Boston A Roman Catholic priest whose personnel file contained a warning from a church official that he "fools around with kids" was assigned to several parishes, then was accused of raping a 12-year-old girl, according to records released Monday.
The Boston Archdiocese's personnel files on the Rev. William Scanlan were among hundreds of pages related to seven priests who faced sexual misconduct allegations. The files were released by lawyers representing hundreds of alleged abuse victims seeking to show the archdiocese routinely reassigned priests to hide the misconduct.
Last week, the lawyers released thousands of pages of similar files.
The archdiocese had fought release of the files, but a judge ordered they be turned over to plaintiffs' lawyers.
Unlike the first round of files, which contained some of the most shocking allegations to date, Monday's records show the archdiocese took at least some allegations of sexual abuse by priests more seriously than those made before a written policy on abuse was instituted in 1993.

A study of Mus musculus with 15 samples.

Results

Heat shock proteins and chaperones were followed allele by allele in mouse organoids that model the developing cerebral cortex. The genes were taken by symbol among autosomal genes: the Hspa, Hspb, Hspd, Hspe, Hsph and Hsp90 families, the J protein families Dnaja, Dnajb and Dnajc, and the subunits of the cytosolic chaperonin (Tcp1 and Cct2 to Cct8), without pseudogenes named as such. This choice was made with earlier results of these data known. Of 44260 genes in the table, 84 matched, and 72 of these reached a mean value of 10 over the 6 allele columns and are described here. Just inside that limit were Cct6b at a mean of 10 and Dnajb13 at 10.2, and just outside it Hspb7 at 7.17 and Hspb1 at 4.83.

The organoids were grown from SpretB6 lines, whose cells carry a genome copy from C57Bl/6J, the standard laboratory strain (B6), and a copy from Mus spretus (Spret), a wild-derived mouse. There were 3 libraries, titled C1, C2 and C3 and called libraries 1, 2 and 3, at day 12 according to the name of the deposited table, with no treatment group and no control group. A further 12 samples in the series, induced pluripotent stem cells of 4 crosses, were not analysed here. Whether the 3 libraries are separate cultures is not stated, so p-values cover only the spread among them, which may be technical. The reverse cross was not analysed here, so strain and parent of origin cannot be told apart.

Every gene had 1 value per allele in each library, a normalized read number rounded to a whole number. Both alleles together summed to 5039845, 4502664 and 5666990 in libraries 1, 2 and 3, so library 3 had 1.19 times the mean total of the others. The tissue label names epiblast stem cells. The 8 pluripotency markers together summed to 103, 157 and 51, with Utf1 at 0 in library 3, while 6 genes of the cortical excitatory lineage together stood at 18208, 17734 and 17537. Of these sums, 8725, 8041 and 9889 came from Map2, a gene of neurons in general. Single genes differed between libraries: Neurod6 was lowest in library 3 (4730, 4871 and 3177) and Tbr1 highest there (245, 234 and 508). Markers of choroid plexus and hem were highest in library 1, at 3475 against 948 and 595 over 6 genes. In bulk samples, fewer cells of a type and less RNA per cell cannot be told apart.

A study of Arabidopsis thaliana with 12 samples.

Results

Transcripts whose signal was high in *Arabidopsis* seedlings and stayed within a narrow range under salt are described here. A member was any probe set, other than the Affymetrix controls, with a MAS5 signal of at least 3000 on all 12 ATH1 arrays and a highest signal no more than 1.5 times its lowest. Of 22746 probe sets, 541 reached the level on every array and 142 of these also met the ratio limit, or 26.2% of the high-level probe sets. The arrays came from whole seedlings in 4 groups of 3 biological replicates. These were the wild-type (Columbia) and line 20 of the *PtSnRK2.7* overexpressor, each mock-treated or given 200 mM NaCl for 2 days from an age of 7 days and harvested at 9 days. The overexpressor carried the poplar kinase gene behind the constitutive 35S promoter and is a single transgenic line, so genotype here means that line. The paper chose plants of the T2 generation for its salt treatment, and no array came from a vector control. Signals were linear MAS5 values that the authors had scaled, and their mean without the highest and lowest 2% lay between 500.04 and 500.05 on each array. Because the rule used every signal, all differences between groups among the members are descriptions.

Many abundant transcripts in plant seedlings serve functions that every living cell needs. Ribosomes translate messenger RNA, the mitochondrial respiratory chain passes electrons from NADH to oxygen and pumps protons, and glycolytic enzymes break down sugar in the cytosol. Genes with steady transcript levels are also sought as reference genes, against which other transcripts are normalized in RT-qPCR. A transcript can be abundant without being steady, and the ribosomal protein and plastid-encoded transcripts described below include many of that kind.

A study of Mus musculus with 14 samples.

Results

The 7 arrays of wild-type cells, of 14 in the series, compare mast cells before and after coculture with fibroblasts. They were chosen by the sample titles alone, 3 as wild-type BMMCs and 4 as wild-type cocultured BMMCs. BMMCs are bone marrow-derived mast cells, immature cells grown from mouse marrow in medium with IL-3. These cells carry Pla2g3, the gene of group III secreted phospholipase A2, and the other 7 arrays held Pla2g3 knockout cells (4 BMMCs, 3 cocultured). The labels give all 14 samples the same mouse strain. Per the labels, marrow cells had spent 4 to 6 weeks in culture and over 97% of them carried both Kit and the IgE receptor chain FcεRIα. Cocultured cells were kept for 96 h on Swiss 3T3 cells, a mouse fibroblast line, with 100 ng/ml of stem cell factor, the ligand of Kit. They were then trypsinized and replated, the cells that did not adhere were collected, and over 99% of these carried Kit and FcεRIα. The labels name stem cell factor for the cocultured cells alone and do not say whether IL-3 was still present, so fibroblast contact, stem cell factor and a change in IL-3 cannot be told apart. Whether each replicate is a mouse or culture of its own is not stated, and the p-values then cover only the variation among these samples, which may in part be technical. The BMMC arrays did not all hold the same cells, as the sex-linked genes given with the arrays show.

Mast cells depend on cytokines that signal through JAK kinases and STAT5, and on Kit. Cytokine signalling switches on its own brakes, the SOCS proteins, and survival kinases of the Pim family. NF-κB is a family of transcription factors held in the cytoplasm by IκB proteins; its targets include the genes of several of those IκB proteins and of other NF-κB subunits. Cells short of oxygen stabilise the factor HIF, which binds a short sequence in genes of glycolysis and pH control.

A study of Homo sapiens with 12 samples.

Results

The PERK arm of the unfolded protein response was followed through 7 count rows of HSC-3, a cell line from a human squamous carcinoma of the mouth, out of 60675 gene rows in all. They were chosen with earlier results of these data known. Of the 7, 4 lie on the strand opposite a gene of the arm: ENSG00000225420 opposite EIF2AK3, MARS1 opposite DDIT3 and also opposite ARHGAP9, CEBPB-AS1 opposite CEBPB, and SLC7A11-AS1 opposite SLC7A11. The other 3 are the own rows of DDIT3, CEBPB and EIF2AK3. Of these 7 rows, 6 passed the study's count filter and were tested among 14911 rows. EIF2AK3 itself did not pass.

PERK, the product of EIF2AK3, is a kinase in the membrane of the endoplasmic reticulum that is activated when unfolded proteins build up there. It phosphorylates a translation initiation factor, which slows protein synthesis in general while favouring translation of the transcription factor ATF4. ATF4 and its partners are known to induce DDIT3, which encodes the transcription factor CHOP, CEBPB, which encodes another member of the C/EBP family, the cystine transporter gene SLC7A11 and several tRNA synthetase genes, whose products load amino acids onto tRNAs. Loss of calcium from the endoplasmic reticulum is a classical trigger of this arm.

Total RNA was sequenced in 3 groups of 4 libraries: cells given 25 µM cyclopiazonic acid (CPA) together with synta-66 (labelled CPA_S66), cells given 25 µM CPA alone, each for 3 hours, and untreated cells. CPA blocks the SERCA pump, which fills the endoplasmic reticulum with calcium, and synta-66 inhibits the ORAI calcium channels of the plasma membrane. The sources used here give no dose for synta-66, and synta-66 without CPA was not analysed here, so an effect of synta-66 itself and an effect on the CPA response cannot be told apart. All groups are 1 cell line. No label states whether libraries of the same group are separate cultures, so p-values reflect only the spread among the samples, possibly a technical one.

In the Scanlan case, however, the files show the archdiocese assigned the priest to several parishes after concerns were raised about him in 1987.
Notes written in July 1987 by an unidentified church official say, "He is going to cause me a problem. He fools around with kids. He is in difficulty."
Scanlan was assigned to a prison ministry, then returned to parishes.
A decade later, Scanlan was accused of raping a troubled 12-year-old girl he had been advising at St. James in Stoughton, allegedly telling her when she resisted that "God wanted him to."
The personnel records show another priest, the Rev. Paul Manning, was removed from his ministry in Woburn, even after he was acquitted of indecent assault and battery of an 11-year-old boy in 1993, and after the alleged victim's parents denied he had been assaulted.
The files also include records of a priest dismissed by Cardinal Bernard Law in 1995 for kissing a 19-year-old seminarian, and a priest removed from the ministry in May, two months after the archdiocese received a letter from a woman claiming her brother had been raped by him in the early 1960s.
Meanwhile, officials of the church declined to explain the reasons for Cardinal Bernard Law's sudden trip to Rome this week, but experts on the Vatican predicted that both Law's future and his archdiocese's possible bankruptcy would be discussed.